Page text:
Joe Cumming, a fellow of the Faith and Culture Center at Yale, has a special interest in respectful Christian witness to Muslims, among whom he lived for many years. Joe once had the opportunity to meet with the Lebanese Ayatollah, one of the most influential Muslim clerics in the Arab world. It was the day before the holiest day of the year for Shiite Muslims, so it was like asking for an audience with the Pope on Christmas Eve.

The sheik's secretary said Joe could only have five minutes—and at four minutes and fifty-five seconds, he should be standing to leave. As Joe prayed hard about what he could say, he saw a banner across the road that read in Arabic, "The victory of blood over the sword." This meant that when the enemies of Muhammad's grandson Hussein came to kill him, he could have called on God to kill them. Instead, he laid down his sword and was massacred, becoming a sign of forgiving the sins of others. So, when the Ayatollah asked Joe what he had to say, Joe said, "Doesn't that banner mean that Hussein won a greater victory by laying down his life?"

"Yes," said the sheikh, "that's what it means."

"That's what I believe about Jesus," said Joe Cumming. "He could have killed his enemies, but instead he laid down his life for them in love, and prayed for their forgiveness. I believe that is the key to break the cycle of violence and revenge in the world."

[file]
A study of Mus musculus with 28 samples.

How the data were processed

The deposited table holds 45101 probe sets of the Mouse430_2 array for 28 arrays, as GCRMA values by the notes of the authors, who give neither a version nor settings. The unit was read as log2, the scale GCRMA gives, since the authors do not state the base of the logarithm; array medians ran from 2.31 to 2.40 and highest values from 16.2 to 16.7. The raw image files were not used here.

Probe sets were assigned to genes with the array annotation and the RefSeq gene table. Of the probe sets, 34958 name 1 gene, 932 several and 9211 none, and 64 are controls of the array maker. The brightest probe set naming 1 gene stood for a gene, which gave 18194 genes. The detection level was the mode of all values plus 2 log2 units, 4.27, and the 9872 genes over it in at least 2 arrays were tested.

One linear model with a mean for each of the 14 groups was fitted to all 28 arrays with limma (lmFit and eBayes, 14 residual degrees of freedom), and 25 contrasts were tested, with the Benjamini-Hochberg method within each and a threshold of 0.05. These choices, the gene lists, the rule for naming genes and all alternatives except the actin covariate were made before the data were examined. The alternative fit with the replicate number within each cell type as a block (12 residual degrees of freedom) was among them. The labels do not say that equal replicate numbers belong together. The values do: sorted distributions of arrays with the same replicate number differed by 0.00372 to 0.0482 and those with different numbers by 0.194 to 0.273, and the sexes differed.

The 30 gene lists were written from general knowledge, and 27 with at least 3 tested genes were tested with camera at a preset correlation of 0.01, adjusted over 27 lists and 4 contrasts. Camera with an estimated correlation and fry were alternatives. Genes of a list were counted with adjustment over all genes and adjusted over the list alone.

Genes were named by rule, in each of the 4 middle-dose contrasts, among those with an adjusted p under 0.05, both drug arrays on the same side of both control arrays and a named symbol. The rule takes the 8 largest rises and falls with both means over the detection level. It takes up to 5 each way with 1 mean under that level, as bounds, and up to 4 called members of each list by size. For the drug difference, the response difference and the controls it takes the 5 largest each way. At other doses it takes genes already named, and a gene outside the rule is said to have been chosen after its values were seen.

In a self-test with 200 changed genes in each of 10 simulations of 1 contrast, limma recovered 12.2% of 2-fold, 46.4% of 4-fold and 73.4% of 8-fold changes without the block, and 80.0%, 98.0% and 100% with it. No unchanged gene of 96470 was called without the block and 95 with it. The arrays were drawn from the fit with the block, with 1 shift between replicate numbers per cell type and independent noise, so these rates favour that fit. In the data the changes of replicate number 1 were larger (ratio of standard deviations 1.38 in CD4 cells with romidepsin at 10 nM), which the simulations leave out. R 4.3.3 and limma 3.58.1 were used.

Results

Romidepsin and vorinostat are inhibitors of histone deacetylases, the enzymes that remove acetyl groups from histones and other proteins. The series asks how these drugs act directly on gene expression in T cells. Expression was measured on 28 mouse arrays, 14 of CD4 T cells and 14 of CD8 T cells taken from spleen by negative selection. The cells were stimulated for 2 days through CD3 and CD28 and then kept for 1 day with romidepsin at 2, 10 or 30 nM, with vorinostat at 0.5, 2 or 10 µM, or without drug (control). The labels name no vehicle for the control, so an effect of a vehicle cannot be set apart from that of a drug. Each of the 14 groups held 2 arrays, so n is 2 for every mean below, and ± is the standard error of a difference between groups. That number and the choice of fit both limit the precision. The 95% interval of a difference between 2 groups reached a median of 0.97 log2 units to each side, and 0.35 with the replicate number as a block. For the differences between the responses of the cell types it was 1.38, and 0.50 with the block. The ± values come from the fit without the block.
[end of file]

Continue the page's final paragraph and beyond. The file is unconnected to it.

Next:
The Ayatollah turned to his followers and said, "I totally agree with every word this Christian man of God has just said."

Joe stood to leave. His five minutes were up. "Where are you going?" said the sheikh. "There's more I want to talk about."

He kept Joe for two hours.

At one point the Ayatollah brought up the death of two little boys on the West Bank, killed by a misfired missile as they played soccer. "What do you have to say about this as a Christian?" he asked.

Joe replied, "I look at the suffering of all innocent victims through the lens of the suffering and death of Jesus Christ. I might wonder at times if God has abandoned the human race. But in the suffering of Jesus Christ, I see the sign of God's solidarity with all innocent victims of violence and suffering."

The sheikh turned again to his followers and said, "I agree with every word this Christian man of God has just said." What a powerful thing to be able to say, in light of the cross, "If Christ be for us, who can be against us?"